Date(s) - 10/06/2020
3:00 pm - 4:00 pm
Jim De Yoreo, Ph.D.
Chief Scientist for Materials Science in the Physical and Computational Sciences Directorate
Pacific Northwest National Laboratory (PNNL}
The emergence of order in materials systems ranging from simple salts to complex supramolecular arrays has long been viewed through the lens of classical nucleation theory in which monomeric building blocks assemble into ordered structures through inherent thermal fluctuations that overcome a free energy barrier. However, recent observations have revealed a rich set of hierarchical pathways involving higher-order species ranging from multi-ion clusters to dense liquid droplets to transient amorphous or crystalline phases.
Macromolecular systems exhibit particularly rich assembly dynamics due to their conformational flexibility and interactions that span many length scales. Despite the complexity of these pathways, a holistic framework for understanding them based on classical concepts emerges when one considers perturbations in the free energy landscape from a smoothly varying surface to one rich in minima and maxima, as well as dynamical factors that drive hierarchical pathways due to kinetic constraints.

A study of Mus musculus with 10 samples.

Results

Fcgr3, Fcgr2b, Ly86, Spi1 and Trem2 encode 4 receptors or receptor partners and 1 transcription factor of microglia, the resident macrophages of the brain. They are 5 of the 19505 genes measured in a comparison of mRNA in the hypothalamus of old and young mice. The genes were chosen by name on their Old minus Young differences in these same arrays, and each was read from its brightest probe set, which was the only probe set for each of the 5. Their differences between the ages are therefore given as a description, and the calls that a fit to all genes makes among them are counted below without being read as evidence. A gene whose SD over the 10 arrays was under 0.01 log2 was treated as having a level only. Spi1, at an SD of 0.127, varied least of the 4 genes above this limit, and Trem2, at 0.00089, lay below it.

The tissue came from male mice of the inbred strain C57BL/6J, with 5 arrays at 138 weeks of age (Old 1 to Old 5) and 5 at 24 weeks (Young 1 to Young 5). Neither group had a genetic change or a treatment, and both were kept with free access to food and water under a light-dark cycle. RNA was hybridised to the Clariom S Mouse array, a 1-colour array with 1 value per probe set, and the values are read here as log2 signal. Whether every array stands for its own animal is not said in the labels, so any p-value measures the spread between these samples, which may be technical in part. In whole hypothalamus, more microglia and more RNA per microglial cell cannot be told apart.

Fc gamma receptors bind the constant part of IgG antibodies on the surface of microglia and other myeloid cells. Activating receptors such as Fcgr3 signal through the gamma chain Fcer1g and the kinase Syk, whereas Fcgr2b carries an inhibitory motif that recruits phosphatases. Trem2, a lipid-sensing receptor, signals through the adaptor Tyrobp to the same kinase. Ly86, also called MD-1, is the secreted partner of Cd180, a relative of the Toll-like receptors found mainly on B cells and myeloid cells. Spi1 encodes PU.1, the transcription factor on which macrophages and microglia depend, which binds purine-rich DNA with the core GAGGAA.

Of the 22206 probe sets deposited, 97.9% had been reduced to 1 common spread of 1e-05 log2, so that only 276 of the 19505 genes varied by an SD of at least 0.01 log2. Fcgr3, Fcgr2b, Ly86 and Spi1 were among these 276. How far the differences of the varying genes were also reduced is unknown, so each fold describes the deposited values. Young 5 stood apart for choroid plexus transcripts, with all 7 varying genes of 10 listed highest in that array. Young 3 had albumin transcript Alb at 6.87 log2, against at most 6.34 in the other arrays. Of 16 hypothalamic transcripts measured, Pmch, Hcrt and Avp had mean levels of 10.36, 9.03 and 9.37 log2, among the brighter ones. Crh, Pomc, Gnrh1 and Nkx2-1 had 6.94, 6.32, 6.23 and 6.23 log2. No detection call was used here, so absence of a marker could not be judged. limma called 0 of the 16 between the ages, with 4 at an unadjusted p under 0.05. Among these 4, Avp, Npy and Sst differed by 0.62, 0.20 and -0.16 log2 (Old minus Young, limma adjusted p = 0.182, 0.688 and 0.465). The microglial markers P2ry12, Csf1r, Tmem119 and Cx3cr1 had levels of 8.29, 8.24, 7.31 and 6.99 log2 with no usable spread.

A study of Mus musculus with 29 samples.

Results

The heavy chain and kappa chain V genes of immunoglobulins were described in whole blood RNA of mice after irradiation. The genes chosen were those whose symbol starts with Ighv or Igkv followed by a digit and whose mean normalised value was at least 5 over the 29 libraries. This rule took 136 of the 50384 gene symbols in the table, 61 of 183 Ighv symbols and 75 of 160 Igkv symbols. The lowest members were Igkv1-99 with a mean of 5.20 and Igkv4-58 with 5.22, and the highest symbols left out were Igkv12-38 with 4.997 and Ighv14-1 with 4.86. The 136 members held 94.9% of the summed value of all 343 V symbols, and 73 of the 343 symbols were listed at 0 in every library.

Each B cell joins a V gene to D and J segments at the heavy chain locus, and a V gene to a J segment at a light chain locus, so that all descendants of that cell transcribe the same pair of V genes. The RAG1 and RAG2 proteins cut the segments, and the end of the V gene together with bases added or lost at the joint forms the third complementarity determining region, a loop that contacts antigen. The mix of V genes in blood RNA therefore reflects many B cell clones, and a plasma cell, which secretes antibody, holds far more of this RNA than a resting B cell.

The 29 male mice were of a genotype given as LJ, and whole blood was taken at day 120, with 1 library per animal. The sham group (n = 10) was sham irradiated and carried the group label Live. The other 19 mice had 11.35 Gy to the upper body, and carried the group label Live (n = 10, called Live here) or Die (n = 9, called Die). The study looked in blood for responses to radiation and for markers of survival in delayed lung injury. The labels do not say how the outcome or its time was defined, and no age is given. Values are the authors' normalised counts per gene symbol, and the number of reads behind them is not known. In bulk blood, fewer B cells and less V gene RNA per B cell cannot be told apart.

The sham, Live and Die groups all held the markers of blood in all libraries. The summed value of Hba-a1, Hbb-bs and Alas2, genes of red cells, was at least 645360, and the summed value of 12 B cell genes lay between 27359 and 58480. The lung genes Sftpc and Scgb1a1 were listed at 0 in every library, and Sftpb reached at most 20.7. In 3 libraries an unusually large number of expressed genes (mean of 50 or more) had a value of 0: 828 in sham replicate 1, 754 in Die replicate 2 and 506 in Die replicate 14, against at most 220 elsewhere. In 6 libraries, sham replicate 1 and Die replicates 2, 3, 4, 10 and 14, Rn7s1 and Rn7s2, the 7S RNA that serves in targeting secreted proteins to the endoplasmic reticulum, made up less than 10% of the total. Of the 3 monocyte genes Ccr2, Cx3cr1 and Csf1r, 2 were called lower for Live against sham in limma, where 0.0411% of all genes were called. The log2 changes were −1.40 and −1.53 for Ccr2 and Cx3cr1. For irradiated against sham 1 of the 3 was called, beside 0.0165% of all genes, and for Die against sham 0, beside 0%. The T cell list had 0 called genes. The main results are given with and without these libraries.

I illustrate that framework using in situ TEM and AFM studies of inorganic, organic, and macromolecular systems, which provide a molecular-scale view of assembly pathways and dynamics. In particular, the results highlight the key role of interfaces in creating heterogenous distributions of water and ions, which create low barrier pathways to ordering. The findings provide a common basis for understanding the development of order in diverse systems.